Micropractice is booming, Make it work though a narrow niche, relationships and more

Micropractice is booming!

Who needs a big firm? Wo needs a plush office? Or staff?

For lawyers with a few years of experience behind them, starting up your own micropractice, on a shoestring, is now not only very feasible, it is also increasingly lucrative.

As a business model, it has to be one of the most attractive out there.

  • You have minimal costs but can still bill out in excess of 800 hours a year, at assertive rates, without busting a gut. You do the math.
  • You have control over the work you do, who you do it for, how you do it
  • You have work-life balance
  • No partnership stress. No (or minimal) staff hassles


And all this is possible in a way that it wasn’t even 5 years ago:

  • technology – and cloud technology in particular – means you can work from anywhere, anytime, and much more efficiently than might previously have been possible
  • clients are  increasingly willingly to give small practices and solo solicitors a chance
  • the allure of the big firms is fading fast for various reasons including but not limited to price and billing, perceived over-servicing, inefficiency and poor service
  • resources and extra help are increasingly available on flexible terms when needed through outsourcing and the contingent workforce


So, while it’s very doable, that isn’t to say it’s easy. Here are my tips for a successful micro-practice:

  1. Carve out a narrow niche 
    • You might not have the time or budget to go out and find clients, so make sure they have a good reason to come and find you. Define a narrower offering than your capabilities. Just because you can do something, doesn’t mean you should offer it. The future of legal services belongs to specialists.
  2. Develop relationships with professionals in complementary niche’s
    • Identify other lawyers and professionals who can do the stuff you don’t, and can send you more of the stuff that you do. As law becomes more of a specialist game, these relationships are critical and might make up the majority of your work
  3. Prioritise client and referrer relationships
    • What’s your most important resource? If you’ve got no staff or office, then after your health the most important thing has to be your relationships. For many in micropractice, that’s really all they’ve got. Look after your relationships. Find the time and discipline. Learn to listen. Stay likable.
  4. Find the flexible support you can trust
    • There is a growing industry in remote/virtual legal bookkeepers and virtual assistants. Find out what they can do for you, and find a way to make it work for you. Don’t kill yourself with admin.
  5. Know where to get more help
    • Staying lean is great, but what about when that job gets big, and another one lands on your desk? You need to stay in touch with people who can help – outsourcers, contract staff, other practitioners, flexible/casual paralegals. Find people and develop relationships now so that you know that help is there when you need it.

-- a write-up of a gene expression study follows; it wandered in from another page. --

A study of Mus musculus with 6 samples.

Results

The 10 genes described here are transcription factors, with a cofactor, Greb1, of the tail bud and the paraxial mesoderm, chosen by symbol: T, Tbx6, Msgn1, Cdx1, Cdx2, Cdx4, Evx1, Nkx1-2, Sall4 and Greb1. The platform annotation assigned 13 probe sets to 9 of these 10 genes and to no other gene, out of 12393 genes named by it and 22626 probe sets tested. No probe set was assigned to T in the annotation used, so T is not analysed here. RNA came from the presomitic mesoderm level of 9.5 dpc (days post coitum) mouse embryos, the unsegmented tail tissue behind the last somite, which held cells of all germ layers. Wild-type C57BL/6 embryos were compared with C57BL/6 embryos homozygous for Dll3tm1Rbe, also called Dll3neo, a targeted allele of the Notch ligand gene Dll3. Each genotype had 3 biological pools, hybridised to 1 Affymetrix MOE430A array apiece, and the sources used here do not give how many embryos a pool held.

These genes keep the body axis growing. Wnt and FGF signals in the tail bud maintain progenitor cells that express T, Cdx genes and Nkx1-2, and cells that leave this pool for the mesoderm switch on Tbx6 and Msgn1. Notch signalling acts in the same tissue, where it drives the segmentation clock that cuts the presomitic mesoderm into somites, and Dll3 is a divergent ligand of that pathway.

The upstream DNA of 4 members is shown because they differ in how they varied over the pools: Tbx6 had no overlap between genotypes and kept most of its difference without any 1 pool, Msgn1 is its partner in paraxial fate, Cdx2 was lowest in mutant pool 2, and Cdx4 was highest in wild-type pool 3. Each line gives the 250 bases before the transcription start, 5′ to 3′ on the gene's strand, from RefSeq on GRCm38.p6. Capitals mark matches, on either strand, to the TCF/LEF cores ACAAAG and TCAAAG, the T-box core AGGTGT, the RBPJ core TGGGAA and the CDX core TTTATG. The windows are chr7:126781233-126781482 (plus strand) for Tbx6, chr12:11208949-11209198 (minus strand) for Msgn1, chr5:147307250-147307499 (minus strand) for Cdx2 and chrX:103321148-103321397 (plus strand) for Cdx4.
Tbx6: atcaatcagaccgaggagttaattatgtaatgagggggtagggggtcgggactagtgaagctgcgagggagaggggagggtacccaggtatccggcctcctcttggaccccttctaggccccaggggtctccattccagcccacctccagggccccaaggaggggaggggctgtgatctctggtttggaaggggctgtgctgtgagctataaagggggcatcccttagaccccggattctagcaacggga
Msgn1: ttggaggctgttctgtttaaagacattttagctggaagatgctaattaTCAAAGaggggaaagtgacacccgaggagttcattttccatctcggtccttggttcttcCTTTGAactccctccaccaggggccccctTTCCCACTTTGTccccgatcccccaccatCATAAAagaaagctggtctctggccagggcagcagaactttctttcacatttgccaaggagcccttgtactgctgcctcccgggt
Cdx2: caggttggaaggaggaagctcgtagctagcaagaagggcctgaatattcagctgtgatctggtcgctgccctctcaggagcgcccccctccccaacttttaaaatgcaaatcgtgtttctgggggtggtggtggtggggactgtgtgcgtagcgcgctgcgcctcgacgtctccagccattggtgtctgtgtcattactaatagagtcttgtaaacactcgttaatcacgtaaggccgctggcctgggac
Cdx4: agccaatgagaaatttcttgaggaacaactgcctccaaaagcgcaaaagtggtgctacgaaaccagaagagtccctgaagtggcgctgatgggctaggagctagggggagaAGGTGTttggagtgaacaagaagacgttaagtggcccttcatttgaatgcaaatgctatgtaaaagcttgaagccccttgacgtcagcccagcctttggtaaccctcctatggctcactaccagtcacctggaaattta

6. Make use of the latest technology
    • Technology is what has made micropractice so doable, and your ability to stay up with the technology curve – whether in relation to personal efficiency, streamlined workflows or marketing – is likely to be critical in your success
  7. Be disciplined with your time
    • Decide how you want to spend your time – and then make it happen. Yes, obviously there will be times when you have to just do the work, at the most inconvenient times, but use whatever control you have to reduce your stress and buy yourself some time. Be proactive. Schedule activity and stick to your schedule.  Without the safety net of colleagues, micro-practitioners need to be more assertive with client  deadlines and better at contingency planning.
  8. Find an accountability buddy
    • (What do you mean you don’t like justifying yourself to other people? That’s why you left?)
    • Everyone needs discipline. And a bit of support and reassurance. Even though you are likely to be quite independent and autonomous, having regular catch-ups with another professional to discuss your businesses can keep you focused on what’s important, and give the reassurance to go forward with confidence.
  9. Stay true to the model (?)
    • So, the micropractice is a success. Great. Congratulations. But what do you do?  You make the paralegal permanent, you hire an employed solicitor and so it goes on. You grow, and suddenly you’re small, not micro. Is life any better?
    • It’s fine to use micro-practice as a stepping stone to world domination, but why? If you wanted the big practice with staff hassles, overheads, even more people wanting a piece of you, you probably could have found that a few years ago.
    • One answer is of course money: the bigger the practice, the bigger the reward. Or so you’d think, but it doesn’t always work like that. Benchmark data shows that profit grows much slower than revenue. Many principals find themselves doing more hours, with more risk and more stress for little more money.
    • Another reason is that growing a practice just feels right, the logical next step – or somehow more credible: a more visible sign of success and legitimacy. Is that really important?
    • If the micro-practice is going great but you want more money, why not try putting your prices up?


What are your views on micro-practice?